By Dimosthenis Bakogiannis (A Class)
Extreme Ironing, UK
David Fitzgerald, aka “Safety Setting’, 26, an Environmental Health Officer from Chichester, irons a shirt during the water section of the Extreme Ironing World Championships being held near Munich in Germany.
First beginning in Leicester in 1997, extreme ironing is a craze that has seen the chore taken to mountains, helicopters, and even mid-air during a skydive.
Who knew that resembling this could net you some cash?
In Wisconsin, USA, a competition takes place in which competitors must do their best impression of a cow. The latest winner was a ten-year-old boy named Austin, who received $1,000, a cow print jacket, and a golden cow bell among other prizes.
Train Surfing, Germany
Presenter Andrew Marr train surfing in Dhaka
This began in Germany in the 80s, and it’s as dangerous as it sounds. Train surfing involves jumping on the outside of a passenger train and hitching a ride. Over 40 people in Germany died in 2008 alone from attempting to train surf.
Tattooing Vehicles, Taiwan
Palestinian artist Belal Khaled intricately paints graffiti on the car.
This comes from a Taiwanese pensioner, who enjoys tattooing words from Buddhist texts onto automobiles. His grandson has promised that when he is older and has the money, he will buy his grandfather a bus so that he can make the most of his hobby.
Paul Yarrow takes part in news-bombing. He has been seen on BBC, ITV, Channel 4 and Sky News at random locations and at random times.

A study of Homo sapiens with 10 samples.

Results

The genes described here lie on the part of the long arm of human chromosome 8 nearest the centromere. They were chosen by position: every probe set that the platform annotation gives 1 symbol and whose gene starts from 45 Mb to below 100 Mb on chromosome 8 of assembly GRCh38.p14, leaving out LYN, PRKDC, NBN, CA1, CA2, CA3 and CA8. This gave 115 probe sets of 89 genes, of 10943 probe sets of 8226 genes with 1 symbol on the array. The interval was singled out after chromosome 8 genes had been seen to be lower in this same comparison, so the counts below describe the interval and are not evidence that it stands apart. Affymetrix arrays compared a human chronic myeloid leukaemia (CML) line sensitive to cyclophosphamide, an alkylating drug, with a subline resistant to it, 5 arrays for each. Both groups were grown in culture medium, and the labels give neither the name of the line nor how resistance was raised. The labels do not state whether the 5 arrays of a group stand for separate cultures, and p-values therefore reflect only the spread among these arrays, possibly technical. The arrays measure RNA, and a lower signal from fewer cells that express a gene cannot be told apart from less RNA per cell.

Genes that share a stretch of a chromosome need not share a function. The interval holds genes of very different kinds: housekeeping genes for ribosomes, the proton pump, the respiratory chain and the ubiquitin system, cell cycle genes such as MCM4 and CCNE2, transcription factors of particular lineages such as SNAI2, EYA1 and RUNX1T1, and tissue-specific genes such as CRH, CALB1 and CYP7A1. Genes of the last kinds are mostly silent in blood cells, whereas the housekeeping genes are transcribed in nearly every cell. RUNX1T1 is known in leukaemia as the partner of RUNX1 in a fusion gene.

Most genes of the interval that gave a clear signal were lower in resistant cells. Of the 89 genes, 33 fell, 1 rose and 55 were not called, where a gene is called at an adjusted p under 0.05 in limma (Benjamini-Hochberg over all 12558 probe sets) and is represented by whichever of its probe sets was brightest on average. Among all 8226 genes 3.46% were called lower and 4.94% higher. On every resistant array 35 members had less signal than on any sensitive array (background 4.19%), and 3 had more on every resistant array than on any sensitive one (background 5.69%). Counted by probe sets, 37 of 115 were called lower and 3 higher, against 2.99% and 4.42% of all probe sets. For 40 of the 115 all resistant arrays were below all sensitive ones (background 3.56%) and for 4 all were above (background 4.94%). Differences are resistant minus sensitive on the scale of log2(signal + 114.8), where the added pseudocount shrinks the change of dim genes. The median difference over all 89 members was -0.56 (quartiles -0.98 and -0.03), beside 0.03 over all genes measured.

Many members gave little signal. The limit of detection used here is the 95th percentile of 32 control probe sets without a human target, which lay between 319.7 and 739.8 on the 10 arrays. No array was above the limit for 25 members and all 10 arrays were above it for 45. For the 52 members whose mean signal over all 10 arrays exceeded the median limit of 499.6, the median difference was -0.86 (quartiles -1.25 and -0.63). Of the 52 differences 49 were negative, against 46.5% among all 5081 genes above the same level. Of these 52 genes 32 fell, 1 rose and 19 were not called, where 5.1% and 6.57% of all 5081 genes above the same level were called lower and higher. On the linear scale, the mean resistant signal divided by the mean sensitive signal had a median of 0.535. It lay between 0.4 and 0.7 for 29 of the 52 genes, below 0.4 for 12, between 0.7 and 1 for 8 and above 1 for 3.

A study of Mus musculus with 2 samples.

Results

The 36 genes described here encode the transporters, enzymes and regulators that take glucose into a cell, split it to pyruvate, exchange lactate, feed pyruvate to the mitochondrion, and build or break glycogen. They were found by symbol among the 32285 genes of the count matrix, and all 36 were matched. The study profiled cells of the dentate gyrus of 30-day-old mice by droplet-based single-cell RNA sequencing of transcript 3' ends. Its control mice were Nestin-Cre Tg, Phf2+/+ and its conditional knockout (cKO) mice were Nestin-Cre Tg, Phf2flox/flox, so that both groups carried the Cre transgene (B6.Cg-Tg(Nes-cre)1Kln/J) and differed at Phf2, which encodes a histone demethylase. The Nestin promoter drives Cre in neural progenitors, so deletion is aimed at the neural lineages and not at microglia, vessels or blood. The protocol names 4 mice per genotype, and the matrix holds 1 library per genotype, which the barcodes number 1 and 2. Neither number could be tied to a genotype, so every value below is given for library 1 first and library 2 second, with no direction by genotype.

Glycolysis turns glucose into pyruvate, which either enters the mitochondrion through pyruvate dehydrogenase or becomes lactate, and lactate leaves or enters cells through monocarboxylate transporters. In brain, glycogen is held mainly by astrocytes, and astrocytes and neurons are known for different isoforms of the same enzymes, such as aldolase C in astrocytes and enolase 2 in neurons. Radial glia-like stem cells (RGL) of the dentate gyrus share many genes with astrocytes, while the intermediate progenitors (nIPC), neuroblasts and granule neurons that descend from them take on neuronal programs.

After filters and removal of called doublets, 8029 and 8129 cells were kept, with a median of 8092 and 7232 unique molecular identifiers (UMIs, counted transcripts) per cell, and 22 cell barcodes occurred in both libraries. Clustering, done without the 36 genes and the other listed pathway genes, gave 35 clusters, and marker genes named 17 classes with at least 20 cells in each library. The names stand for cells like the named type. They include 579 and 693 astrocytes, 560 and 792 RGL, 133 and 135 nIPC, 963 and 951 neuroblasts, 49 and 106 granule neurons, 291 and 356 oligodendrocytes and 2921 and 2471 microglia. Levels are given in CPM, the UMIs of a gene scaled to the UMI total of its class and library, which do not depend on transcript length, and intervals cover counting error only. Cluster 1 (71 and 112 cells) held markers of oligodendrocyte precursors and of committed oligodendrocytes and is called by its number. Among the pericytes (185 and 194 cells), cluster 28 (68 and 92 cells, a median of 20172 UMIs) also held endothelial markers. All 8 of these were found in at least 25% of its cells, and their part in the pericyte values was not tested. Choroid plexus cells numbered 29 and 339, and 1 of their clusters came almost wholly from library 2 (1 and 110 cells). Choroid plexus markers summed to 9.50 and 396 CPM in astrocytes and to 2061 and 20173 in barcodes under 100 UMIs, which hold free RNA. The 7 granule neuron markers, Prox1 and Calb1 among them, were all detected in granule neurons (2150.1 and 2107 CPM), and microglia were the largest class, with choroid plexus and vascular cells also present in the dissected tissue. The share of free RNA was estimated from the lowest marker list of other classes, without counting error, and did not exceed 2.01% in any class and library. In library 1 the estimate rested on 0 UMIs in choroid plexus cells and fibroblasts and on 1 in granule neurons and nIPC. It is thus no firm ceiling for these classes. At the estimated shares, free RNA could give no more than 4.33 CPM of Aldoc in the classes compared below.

Here in the UK, one man enjoys finding the locations of live news-reports, and ensuring that he appears in the background behind the journalist being filmed. He claims that his aim is to make a serious point about broadcasters only allowing attractive people on-screen.
Ecstasy Collection, Netherlands
In 2009, a man phoned the Dutch authorities to report the theft of his ecstasy collection. This included over 2,400 tablets, which he kept in coin folders. Though he knew that this was illegal, he reported them missing as he was concerned that the collection could be very dangerous.
Collecting In-Flight Sick Bags, Singapore
Some people collect in-flight sick bags (like this one) as a hobby.
Believe it or not, websites are available for “Baggists” to buy and trade any sick bags they may or may not have found on aeroplanes. One of the original “Baggists” is from Singapore, and has now got an impressive collection of 388 bags from 186 airlines.
Bug Fighting, Japan
Originating in Japan, bug fighting is, as expected, where various insects are put into a small plastic arena to battle it out. These fights are recorded, and the videos placed online.
Fork Bending, Japan
Fork bending in shape of peace sign, close-up
Another bizarre Japanese hobby here, fork-bending is the theory that by concentrating your mind, one will be able to complete the action with minimal physical effort. Think Uri Geller.
Painting the Largest Ball of Paint, USA
Michael Carmichael applies the 22539th coat of paint to a giant baseball at his home in Alexandria, Indiana
This began in 1977, when Mike Carmichael decided to paint a baseball, leading to the creation of a 3500 pound paint-covered ball, with over 22, 894 paint coats upon it. This has become a local tourist attraction, his only rule being that each coat must be a different colour from the previous one.
Hikaru Dorodango, Japan
For some, rolling mud into a ball is a beloved pastime.
Imagine rolling mud into a ball, before then methodically dusting it with soil, and repeating the process again and again. This hobby was originally a traditional hobby among Japanese children.
Soap Carving, Thailand
Who wouldn’t want to carve pictures into something that smells lovely?
In Thailand, it’s common to see hand-carved soap flowers sold at night markets.
As a hobby, soap-carving is viewed very highly and people often sell their creations as souvenirs.